Windsor well-positioned to benefit from emerging technologies in manufacturing
Wednesday, November 1, 2017
The Windsor Star/Dave Waddell
It would seem Gummy Bears and the automotive industry would have little in common. However, a visual inspection system developed by Windsor software firm Radix to spot flaws in metal automotive pieces is proving equally adept at doing the same during production of the popular candy.
“It’s been huge for Dare (Foods) because they don’t have to shut down their production line that makes a tray of Gummy Bears about every eight seconds,” said Shelley Fellows, Radix’s vice-president of operations and a co-founder of the firm with her husband, Ross Rawlings.
“It tells them when they have miss-shaped candy and prevents their trays from literally getting gummed up.
“It saves time and money.”
The Gummy Bear story is just an example of how the emergence of new technology can be used in industries and in ways no one anticipates.
This year’s conference at Caesar’s Windsor attracted close to 300 people Tuesday from the technology and manufacturing fields.
“We want our local industry to be at the forefront of innovation rather than be a victim of it,” said development corporation CEO Stephen MacKenzie.
“We’re running this to assist industry and promote what our strengths are. The response has been tremendous.”
Fellows said technology and artificial intelligence are already transforming manufacturing and the pace of change will only quicken.
“We’re going to see advancements in vision systems and machine learning,” Fellows said.
“The capacity to collect detailed data, how to use it, make recommendations and learn from it is going to quietly transform (manufacturing).”
Such products as Microsoft’s Halo Lens and Google Glass are allowing companies to digitally twin their operations.
The virtual and augmented reality allows for realistic training on equipment without stopping production and for quicker maintenance procedures.
“You can access a repair manual or identify a part while standing right there in front of the machine,” Fellow said. “It’s a wearable computer.”
Such sophisticated equipment also allows companies to identify whether they have consistent flaws in certain production areas.
Robots working side-by-side with humans will also be more common.
Such smart or intelligent manufacturing concepts all fit under the umbrella of what Siemens’ vice-president Michael Gardiner calls Industrie 4.0.
Industrie 4.0 is the industrial blueprint the German government produced in 2011 and is being copied around the world.
“The big trend is the convergence of digital information and physical operations,” said Gardiner, who oversees Industry Strategy and Advance Manufacturing for the international giant.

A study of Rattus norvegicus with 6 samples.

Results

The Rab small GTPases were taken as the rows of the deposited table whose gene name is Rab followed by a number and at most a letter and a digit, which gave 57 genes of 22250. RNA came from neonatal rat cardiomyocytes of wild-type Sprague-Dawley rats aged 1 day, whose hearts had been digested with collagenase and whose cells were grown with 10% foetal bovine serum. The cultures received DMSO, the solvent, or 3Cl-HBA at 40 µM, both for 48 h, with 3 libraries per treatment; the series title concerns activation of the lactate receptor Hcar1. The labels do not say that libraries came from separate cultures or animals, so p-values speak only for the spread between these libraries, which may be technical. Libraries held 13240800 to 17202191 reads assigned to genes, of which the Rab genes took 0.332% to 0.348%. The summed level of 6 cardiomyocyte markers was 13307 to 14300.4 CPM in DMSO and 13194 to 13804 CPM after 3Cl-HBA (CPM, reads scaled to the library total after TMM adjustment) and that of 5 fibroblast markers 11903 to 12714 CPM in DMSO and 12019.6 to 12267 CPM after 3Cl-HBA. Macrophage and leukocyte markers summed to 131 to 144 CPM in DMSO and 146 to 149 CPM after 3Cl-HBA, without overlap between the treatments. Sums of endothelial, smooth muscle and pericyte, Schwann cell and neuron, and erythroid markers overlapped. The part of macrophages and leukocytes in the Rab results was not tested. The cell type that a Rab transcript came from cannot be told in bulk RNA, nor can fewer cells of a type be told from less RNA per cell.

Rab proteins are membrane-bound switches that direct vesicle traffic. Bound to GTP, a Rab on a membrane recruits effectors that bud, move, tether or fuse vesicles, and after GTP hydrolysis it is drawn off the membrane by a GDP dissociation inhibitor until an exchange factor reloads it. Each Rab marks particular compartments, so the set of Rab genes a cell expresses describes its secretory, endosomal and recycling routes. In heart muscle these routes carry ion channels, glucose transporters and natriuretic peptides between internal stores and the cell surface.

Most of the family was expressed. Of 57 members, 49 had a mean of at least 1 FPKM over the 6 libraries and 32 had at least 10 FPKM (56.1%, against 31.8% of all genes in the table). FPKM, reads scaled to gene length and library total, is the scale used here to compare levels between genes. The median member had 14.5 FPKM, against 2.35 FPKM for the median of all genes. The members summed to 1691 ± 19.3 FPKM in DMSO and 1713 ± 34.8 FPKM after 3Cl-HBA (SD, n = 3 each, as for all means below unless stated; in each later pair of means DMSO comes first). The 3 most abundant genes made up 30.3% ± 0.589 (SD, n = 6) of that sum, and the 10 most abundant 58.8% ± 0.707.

“It makes for more flexible and efficient manufacturing systems. It’s a game-changer.”
An example of the possibilities is Mind Sphere, a project Siemens and IBM developed together.
It’s an open, cloud-based platform that allows companies to connect their machines and physical infrastructure to the digital world. It connects those machines to billions of smart devices and potential solutions to whatever issue is presented.
“It uses machine learning and algorithms to decide what to do or spot your problem,” Gardiner said. “It’s like having someone help improve your vision.”
Gardiner said the local economy has no need to fear such rapid advancements in technology.
The community’s core economic strengths in automotive, advance manufacturing and agricultural are industries that are driving advances in technology.
“I travel around the world and see what’s being done and I’m very optimistic about the future of this area,” Gardiner said.
“(Technology) is already bringing manufacturing back to the Americas through innovation. You want to be high-value added, innovative and develop intellectual property.
“There’s a lot of innovative companies around here.”
Innovation can also come in business models used in advanced manufacturing.
Innomation Technologies president Trevor Johnson gave a presentation about a machine prototype his firm is developing that would allow the same machine cell to perform more than one type of job.
“It would be like having an electric drill and just changing the bits,” Johnson said in simplifying the machine’s capabilities.
“Right now in industry it’s one machine, one job. It’s very expensive, especially for smaller shops.
“It could drastically reduce costs because you just buy the machine once. It’s standardized, so that means you could just change the tools and programming, so no need for expensive set-up trips.”
Johnson hopes to have a sellable prototype available early in the New Year.